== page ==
The economic news just keeps piling on.
A new poll released by The Hill says a full one-third of Americans expect to be worse off by November of 2012.
More than one in three likely voters expect to be worse off when they go to the polls a year from this November, a somber fact for President Obama’s reelection campaign, while just 25 percent believe they will be better off, according to this week’s The Hill poll.
Even more directly:
Thirty-nine percent said they expect to be in the same economic position they are now, but 65 percent also said they believe the country is on the wrong track.
That, it seems to me, is a direct indictment of the President’s policies. The country is still evenly split on whether this is still Bush’s recession or Obama’s. Of course many of those who blame Bush for the current economic situation forget (or neglect to mention) that the Democrats took control of Congress in January of 2007 – it was less than a year of Democratic congressional policy before the recession began to trample the economy, and less then two years before the stock market imploded.
I’m not offering much of a defense of Bush because the fact is he continued a policy of government expansion at the cost of debt and cheap money. However, Obama has taken those ills and magnified them 500% with massive deficits and no end in sight to dramatic expansion of the federal government.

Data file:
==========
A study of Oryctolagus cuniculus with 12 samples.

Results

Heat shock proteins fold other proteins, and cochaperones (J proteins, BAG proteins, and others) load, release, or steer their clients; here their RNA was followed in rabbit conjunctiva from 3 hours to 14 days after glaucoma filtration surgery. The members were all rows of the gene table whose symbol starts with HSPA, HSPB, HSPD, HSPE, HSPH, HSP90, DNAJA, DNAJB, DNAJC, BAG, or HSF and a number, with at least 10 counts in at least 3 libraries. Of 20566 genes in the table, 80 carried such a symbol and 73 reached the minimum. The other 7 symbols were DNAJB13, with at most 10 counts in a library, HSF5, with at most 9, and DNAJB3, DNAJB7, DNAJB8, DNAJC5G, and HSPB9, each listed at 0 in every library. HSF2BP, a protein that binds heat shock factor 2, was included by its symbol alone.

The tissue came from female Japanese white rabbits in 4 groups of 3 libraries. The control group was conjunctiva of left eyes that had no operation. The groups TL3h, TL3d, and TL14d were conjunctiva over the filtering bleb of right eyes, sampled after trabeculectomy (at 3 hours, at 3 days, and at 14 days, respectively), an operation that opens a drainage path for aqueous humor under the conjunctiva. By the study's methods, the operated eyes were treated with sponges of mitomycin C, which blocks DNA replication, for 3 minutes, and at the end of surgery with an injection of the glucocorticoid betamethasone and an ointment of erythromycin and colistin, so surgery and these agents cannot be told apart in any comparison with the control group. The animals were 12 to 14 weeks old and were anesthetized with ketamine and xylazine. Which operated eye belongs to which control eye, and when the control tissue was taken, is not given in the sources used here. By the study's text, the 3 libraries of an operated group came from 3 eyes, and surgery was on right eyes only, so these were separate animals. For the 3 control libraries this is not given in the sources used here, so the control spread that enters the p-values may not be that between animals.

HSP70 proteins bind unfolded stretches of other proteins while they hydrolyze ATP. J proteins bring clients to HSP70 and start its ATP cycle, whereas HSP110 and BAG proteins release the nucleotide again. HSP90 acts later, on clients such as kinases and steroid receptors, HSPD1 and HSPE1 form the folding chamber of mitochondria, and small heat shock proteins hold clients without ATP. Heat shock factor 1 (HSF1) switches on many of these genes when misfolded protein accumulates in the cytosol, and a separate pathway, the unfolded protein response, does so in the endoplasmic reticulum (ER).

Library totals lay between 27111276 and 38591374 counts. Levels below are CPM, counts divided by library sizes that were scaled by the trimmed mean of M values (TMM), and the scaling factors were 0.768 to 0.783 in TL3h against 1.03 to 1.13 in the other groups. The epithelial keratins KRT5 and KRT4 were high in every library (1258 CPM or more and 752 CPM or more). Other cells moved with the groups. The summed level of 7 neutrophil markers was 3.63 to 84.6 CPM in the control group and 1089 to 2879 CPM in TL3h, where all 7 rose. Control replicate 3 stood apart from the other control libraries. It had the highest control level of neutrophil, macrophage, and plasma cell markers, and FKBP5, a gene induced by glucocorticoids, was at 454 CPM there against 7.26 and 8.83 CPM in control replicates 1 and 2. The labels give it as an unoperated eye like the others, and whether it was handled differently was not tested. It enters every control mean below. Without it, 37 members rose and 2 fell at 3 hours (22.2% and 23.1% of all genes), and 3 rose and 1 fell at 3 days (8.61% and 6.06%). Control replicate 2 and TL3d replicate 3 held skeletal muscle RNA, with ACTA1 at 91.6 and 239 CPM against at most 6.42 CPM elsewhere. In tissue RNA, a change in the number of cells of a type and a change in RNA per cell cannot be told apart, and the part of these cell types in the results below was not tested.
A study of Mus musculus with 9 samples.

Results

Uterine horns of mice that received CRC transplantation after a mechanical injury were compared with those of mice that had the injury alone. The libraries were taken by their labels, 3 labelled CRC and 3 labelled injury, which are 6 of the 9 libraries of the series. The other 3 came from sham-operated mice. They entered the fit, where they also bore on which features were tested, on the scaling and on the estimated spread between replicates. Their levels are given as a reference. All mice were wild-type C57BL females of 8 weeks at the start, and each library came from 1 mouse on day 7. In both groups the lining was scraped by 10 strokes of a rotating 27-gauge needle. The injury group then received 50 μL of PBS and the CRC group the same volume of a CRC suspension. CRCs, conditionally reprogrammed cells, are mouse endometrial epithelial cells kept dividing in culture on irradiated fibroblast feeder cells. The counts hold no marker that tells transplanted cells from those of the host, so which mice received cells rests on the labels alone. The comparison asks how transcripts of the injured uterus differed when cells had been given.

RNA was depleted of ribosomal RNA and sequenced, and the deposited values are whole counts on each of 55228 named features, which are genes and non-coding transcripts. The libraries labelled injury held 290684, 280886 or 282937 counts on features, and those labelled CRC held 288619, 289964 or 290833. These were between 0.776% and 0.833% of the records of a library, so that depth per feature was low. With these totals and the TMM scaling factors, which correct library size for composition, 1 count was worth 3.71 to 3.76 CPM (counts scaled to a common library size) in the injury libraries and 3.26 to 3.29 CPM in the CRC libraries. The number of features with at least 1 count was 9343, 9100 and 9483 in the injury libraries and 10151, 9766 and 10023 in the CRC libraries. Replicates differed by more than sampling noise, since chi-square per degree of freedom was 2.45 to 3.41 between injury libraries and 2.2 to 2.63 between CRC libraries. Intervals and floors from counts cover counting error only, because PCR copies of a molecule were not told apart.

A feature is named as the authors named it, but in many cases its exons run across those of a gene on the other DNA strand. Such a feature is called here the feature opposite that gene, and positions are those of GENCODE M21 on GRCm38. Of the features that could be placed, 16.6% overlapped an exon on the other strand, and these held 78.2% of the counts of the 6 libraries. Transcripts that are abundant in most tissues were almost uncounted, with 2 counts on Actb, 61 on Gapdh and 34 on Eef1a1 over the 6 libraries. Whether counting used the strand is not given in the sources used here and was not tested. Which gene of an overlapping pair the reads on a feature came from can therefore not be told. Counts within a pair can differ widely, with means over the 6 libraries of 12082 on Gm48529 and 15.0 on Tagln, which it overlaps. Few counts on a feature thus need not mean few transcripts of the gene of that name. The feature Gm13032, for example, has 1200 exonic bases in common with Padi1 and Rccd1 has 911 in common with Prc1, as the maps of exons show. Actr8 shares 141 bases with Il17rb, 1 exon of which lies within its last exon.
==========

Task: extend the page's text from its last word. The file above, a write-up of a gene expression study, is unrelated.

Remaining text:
Democratic group Third Way has a handy chart indicating just what happens to presidents running for reelection during times of high unemployment (credit: Hot Air).
In other economic
dread news CBS is running the headline, “Chronic unemployment worse than Great Depression” and the article is about as warm and fuzzy as you might guess.
About 6.2 million Americans, 45.1 percent of all unemployed workers in this country, have been jobless for more than six months – a higher percentage than during the Great Depression.
Long term unemployment is hard for lots of obvious reasons. Savings run out, unemployment assistance runs out, the gap on your resume actually makes it harder for you to find employment. It’s a serious problem.
The question is whether voters will respond to that problem by voting for the candidate more likely to create jobs, or the one more likely to make it “easier” to remain unemployed.